Jenkins GitHub Integration

Integration between Jenkins and GitHub takes on two separate forms:

  1. The ability of Jenkins to pull code from GitHub
  2. The ability of GitHub to trigger Jenkins build jobs

The first feature, namely the ability to pull code from GitHub is made possible through the Jenkins Git plugin. The ability to trigger Jenkins builds when GitHub commits  occur is provided through the Jenkins GitHub plugin. Both of these plugins are included as suggested plugins when a default installation of Jenkins CI is performed.

Jenkins with GitHub plugins

Jenkins GitHub integration requires the Git and GitHub Jenkins plugins to be installed

Jenkins builds with GitHub source code

With the Git plugin installed, the Jenkins with GitHub integration is achieved by providing the repository URL and branch name to pull in the build job. Jenkins with GitHub source code integration

The repository URL is the key to Jenkins with GitHub source code integration. With this configuration added to a build job, source code will be pulled from GitHub with Jenkins then being able to perform various compilations, testing and build operations on the files.


To have Jenkins pull GitHub source code within a scripted or declarative build pipeline, simply use the DSL operation named git and provide the repository URL within single quotes.

The following declarative pipeline demonstrates a Docker based, Ant build in Jenkins with GitHub as the source code repository:

# Jenkins with GitHub Integration Pipeline Example
pipeline {
  agent { docker { image 'cameronmcnz/ant-jdk8-git:latest' } }
  stages {
    stage('GitHub Jenkins Ant Docker Build') {
      steps {
        git 'https://github.com/learn-devops-fast/rps-ant.git'
        sh 'ant clean compile test package war'
      }
    }
  }
}

Trigger builds in Jenkins with GitHub

The ability to pull code represents only half of the Jenkins GitHub integration puzzle. The other half is to have GitHub trigger a Jenkins build when a developer pushes new code to the repository.

The whole idea behind Jenkins CI/CD pipelines is to be constantly compiling code and running test suites to ensure software development constantly moves forward. If a build is broken or a test fails, it is the job of the CI/CD server to inform the team so the setback can be addressed immediately. This means Jenkins must be notified every time a Git commit is pushed to the GitHub server. This tight integration between the tools is achieved through a Jenkins GitHub webhook.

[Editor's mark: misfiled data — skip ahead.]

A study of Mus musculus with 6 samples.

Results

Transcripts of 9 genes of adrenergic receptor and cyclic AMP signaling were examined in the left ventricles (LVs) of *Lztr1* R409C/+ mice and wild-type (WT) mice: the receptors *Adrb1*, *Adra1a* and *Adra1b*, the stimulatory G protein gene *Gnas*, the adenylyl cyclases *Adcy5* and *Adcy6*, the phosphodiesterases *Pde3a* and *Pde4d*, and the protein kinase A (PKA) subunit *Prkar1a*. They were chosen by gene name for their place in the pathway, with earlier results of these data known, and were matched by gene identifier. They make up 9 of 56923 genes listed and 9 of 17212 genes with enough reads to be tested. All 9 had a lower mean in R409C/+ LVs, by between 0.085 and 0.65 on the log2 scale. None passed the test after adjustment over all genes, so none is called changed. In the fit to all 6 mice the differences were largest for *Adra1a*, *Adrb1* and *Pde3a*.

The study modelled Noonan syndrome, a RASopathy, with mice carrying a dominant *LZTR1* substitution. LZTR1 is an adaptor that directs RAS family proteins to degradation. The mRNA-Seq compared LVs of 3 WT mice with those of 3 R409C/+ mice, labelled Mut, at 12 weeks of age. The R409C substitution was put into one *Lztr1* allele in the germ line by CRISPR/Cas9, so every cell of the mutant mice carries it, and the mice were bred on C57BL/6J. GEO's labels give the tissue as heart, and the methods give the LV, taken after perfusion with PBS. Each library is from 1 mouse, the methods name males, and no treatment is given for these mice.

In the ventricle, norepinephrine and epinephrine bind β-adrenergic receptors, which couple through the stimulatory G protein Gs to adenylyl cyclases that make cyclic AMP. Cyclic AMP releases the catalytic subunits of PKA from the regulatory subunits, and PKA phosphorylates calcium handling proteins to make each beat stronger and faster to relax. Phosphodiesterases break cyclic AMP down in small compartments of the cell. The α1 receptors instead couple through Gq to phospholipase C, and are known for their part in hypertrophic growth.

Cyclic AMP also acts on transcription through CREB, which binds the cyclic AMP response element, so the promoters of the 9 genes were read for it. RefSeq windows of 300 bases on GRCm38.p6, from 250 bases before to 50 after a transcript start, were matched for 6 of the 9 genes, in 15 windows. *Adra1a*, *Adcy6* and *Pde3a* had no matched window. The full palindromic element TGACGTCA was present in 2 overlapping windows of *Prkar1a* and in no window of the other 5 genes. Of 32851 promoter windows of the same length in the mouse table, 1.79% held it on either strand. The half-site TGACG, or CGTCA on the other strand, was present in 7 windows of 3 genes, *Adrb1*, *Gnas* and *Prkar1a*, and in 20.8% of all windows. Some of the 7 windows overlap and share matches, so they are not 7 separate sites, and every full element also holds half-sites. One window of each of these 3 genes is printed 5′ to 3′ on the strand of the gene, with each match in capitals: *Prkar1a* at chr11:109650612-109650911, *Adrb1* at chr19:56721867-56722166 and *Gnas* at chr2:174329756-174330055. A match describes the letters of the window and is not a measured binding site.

To implement a webhook, the GitHub hook trigger for GitScm polling must be enables on the Jenkins build job. (Note that the agility to trigger Jenkins builds remotely will not work with GitHub and will result in a 403 crumb error if attempted.)

For the Jenkins GitHub integration to succeed with a webhook, an API token must be generated in Jenkins and then shared as part of the webhook configuration in GitHub.

Jenkins GitHub webhook trigger

Webhooks help integrate GitHub with Jenkins by triggering build jobs remotely.

Jenkins with GitHub integration plugin

This Jenkins GitHub integration example has demonstrated how to manually configure webhook triggers. However, this feature is automated when the GitHub with Jenkins integration plugin is configured through the Jenkins administrative console.

Jenkins with GitHub configuration

Jenkins GitHub integration plugin configuration through the admin console.

When the plugin is configured, these additional Jenkins with GitHub features are activated:

  • Hyperlinks between Jenkins and GitHub are included on the summary page of you build jobs
  • Triggers performed by groking HTTP POSTS happen automatically
  • Other plugins installed in Jenkins can take advantage of GitHub plugin APIs and features

How to integrate Jenkins with GitHub

In summary, the steps required to achieve Jenkins with GitHub integration are:

  1. Install the Jenkins Git plugin
  2. Install the Jenkins GitHub integration plugin
  3. Use GitHub URLs to pull source code into Jenkins
  4. Use GitHub webhooks to trigger Jenkins build jobs
  5. Configure the Jenkins with GitHub integration plugin to enable additional reporting features

Jenkins remains a leader in the CI/CD tools market, and GitHub continues to bring new customers to its cloud based, distributed version control offering. As such, it’s not surprising to know that Jenkins with GitHub integration has been tightly integrated into both of these popular DevOps tools.